Rocket takes the wheel in more ways than one in Guardians of the Galaxy, Vol. 3. Courtesy of Marvel Studios

The first Guardians of the Galaxy movie had that one scene where a drunken Rocket (voiced by Bradley Cooper) starts a bar brawl while wailing about the medical experiments that created him as a mechanical freak, and you could sense a dark backstory lurking behind the talking rodent’s ever-present bad mood. Well, Guardians of the Galaxy, Vol. 3 draws out that backstory, and it’s so much worse than you could imagine.

The opening scene has a baby version of Rocket being plucked from a cage of other animal babies, and it’s deliberately filmed like the opening scene of the first movie to illustrate how he’s been uprooted from his home even more violently than Star-Lord (Chris Pratt). It’s strange — I’ve seen documentaries where actual animals were tortured and killed, and they didn’t hit me in the heart like this uniquely harrowing Marvel movie, where the tortured animals often belong to species that don’t exist. The most brutal stuff is kept offscreen for the sake of the PG-13 rating, but the other Guardians see video footage of what was done to Rocket, and their horror-struck reactions say everything.

Behind all that horror is The High Evolutionary (Chukwudi Iwuji), a eugenicist with a slaveowner’s mentality who aims to create the perfect society by super-evolving animals. He places his creations on a planet that’s an Earth replica, where they live in inhumanly clean suburban neighborhoods straight out of a Tim Burton movie. When Star-Lord points out that some of his humanoid organisms are behaving like bastards the way humans do, the Evolutionary destroys his planet and everyone in it without blinking. Our villain is just as cruel in a one-to-one setting, as a flashback shows him killing one of Rocket’s imprisoned friends and then parodying Rocket’s screams of grief and rage by screaming back at him. I’m not a fan of Iwuji’s occasionally cack-handed performance, but this Marvel villain and his fascistic god complex scare me far more than Thanos.


I’m afraid there’s rather less humor in this entry than we’re used to from director/co-writer James Gunn. Star-Lord does drop the first f-word in the entire Marvel series, which is less momentous than it might seem. Gunn executes a spectacular one-take shot in which the Guardians tear through the half-animal, half-robot creatures who guard the High Evolutionary, and if the shot is stolen from Zack Snyder’s Sucker Punch — with the camera sliding from one hero to another as they use their own methods to dispatch the enemies around them — it’s no less resonant for that. (Snyder’s movie also had a character named Rocket. I think that’s just a coincidence, though I also think Gunn is aware of it.)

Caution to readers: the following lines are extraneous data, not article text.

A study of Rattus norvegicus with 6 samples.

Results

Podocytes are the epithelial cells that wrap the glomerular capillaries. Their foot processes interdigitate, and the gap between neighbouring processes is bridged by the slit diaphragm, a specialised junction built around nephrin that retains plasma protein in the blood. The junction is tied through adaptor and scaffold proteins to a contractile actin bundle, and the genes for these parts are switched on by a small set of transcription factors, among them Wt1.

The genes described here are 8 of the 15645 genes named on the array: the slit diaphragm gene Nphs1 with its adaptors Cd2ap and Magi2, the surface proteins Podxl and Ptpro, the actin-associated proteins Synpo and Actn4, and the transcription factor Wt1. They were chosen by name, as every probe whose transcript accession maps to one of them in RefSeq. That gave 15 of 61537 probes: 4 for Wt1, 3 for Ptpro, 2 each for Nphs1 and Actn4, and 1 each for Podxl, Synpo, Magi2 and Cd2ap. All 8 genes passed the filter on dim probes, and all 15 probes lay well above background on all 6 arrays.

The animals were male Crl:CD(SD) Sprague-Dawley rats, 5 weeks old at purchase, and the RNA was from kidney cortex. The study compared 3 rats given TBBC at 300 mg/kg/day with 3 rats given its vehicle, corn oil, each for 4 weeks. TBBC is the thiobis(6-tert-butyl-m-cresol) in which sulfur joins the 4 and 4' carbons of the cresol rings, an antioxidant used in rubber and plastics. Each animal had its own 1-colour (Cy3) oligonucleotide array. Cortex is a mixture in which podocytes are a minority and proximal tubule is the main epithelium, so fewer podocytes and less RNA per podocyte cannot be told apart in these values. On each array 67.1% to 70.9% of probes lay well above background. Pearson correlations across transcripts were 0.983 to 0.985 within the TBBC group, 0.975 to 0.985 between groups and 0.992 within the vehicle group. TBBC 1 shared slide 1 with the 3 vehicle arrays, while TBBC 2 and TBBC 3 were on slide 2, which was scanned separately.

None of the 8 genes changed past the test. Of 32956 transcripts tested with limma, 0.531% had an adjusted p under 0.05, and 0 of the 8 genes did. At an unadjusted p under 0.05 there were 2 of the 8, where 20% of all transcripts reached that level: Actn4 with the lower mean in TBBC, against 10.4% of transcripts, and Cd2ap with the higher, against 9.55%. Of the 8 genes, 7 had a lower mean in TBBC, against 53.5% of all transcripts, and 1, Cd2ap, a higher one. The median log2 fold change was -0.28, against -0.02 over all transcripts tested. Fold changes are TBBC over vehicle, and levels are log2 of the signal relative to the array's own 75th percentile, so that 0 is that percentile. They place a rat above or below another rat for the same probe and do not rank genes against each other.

I wish the script had made more of the Sovereign, the gold-skinned aliens who are attacking the Guardians only because the Evolutionary has blackmailed them into it. Elizabeth Debicki is rather wasted as their queen, though Sylvester Stallone snags a cameo as the leader of the Ravagers who used to employ Star-Lord and now employs Gamora (Zoe Saldaña). It seems only appropriate that Drax (Dave Bautista) is the guy who connects with the children who are the Evolutionary’s next lab subjects.

For all that, everything piercing in the story belongs to the raccoon — I know, I know, he keeps saying he’s not one — as another flashback shows him in the Evolutionary’s prison promising to free himself and his animal-hybrid cellmates (voiced by Linda Cardellini, Asim Chaudhry, and Mikela Hoover), and we know he’s going to fail them. As Peter learns about the past that Rocket always refused to talk about, it forces him to reckon with his own past on Earth in a subtly moving way. Even that can’t match the climactic scene when Rocket finally faces the sadistic Evolutionary. Recognizing that your creator is evil would reduce most people to a puddle, but our diminutive hero not only stands tall, he delivers maybe the most inspirational line in any Marvel film. One of the supporting characters is right: The whole Guardians of the Galaxy saga was always Rocket’s story rather than Star-Lord’s. Turning the series into that turns out to be a stroke of genius.


Guardians of the Galaxy Vol. 3
Starring Chris Pratt. Voice by Bradley Cooper. Directed by James Gunn. Written by James Gunn, Dan Abnett, and Andy Lanning. Rated PG-13.